One of the challenges safety professionals face is quantifying the results of a safety program. Business owners are well familiar with return on investment (ROI). Capital investments and other expenditures are made after consideration on the return on investment.

Can a return on investment be calculated for the investment in employee safety and health initiatives? Probably not, in the classic sense of ROI. If I buy a piece of equipment for a new product and determine my costs per unit, I can quantify my ROI based on sales volume. How do I do that for something like safety?
First, let’s look at another purchase we commonly make that does not fit the standard ROI calculation. Why do we purchase auto insurance? In its simplest form, insurance is purchased to pay us in the event of an unexpected loss. Even if you have gone the last 30 years without an auto accident would you really want to opt out of insurance coverage?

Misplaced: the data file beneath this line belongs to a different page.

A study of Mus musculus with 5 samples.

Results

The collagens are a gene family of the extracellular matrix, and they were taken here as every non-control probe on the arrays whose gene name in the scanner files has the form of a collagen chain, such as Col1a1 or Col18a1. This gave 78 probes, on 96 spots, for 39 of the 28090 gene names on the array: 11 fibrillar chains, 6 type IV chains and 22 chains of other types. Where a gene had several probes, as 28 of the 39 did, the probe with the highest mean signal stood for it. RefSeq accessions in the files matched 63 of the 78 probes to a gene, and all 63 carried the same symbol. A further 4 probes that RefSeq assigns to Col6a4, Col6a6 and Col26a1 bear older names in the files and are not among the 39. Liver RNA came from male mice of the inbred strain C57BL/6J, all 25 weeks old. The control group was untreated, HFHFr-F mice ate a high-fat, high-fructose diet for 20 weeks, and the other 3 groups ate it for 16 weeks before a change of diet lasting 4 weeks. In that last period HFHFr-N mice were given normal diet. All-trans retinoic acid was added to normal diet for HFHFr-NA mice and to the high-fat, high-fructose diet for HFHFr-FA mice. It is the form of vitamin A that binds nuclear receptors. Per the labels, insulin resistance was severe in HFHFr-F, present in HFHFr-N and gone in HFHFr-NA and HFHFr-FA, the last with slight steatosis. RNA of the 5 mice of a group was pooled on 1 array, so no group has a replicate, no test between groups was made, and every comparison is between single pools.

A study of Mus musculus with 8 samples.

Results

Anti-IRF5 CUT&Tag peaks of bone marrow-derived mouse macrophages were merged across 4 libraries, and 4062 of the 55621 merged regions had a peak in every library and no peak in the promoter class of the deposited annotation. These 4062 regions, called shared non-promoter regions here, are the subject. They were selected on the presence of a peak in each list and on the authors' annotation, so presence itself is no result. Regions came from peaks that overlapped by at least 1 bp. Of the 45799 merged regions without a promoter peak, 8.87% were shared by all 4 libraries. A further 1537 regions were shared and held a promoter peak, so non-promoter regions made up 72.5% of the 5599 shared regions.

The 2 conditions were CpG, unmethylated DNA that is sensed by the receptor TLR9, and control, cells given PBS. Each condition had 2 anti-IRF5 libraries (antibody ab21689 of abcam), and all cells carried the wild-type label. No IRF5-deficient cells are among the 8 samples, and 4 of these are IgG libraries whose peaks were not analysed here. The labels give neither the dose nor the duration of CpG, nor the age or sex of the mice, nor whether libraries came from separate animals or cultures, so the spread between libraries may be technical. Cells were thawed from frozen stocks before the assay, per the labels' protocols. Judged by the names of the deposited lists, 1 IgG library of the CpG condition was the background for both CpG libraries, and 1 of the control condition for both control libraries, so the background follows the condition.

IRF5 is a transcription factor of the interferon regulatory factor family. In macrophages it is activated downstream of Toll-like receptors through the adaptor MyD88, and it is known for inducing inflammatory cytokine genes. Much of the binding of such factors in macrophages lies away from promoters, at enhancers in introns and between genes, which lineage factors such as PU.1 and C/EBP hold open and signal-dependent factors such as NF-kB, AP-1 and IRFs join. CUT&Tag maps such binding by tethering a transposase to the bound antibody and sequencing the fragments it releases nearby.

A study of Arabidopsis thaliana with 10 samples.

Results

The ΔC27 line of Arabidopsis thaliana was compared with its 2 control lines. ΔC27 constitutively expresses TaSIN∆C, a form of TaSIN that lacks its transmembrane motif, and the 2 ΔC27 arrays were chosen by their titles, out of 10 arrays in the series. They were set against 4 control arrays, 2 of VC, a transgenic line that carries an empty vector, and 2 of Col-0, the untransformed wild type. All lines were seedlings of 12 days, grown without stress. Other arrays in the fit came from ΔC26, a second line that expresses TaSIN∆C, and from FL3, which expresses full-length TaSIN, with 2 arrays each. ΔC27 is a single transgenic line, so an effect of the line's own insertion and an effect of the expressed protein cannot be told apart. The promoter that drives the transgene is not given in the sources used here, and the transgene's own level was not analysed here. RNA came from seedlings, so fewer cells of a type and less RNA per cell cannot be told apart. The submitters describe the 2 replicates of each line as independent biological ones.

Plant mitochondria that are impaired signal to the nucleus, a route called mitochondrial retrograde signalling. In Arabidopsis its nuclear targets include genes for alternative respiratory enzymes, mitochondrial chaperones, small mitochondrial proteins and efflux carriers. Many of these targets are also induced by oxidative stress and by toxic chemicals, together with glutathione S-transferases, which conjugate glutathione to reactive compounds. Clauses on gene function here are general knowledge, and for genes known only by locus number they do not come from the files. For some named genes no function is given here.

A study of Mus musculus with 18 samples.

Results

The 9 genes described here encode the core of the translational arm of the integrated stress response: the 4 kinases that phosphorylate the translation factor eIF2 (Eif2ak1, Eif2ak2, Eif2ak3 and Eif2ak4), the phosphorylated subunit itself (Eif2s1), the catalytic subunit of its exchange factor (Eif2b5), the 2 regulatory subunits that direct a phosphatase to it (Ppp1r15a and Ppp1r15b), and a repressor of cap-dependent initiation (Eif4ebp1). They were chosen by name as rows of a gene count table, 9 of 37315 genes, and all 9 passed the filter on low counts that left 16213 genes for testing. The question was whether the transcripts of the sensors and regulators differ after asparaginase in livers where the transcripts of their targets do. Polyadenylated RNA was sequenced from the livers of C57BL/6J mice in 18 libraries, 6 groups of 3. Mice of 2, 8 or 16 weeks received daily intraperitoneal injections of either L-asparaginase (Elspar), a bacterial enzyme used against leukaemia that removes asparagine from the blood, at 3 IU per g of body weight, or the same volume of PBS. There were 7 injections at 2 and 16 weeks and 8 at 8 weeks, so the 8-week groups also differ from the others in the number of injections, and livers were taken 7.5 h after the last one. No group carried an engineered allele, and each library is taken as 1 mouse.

If you never experience a loss and yet have paid for auto insurance year after year, what did the premium buy you? It bought you a comfort level that would not exist in the absence of coverage. If you are required to buy auto insurance under the laws of your state, you can imagine how you would might feel if pulled over for a traffic stop after choosing not to purchase coverage.  In the absence of a tangible return, we recognize the value of the intangible.

Like insurance, a safety program can create a certain level of comfort based on the knowledge that you are focused on compliance, cost reduction and the welfare of your employees.  When you know you are engaged in a process that is geared toward making sure employees are going home from work each day, the comfort level you gain is the best ROI of all.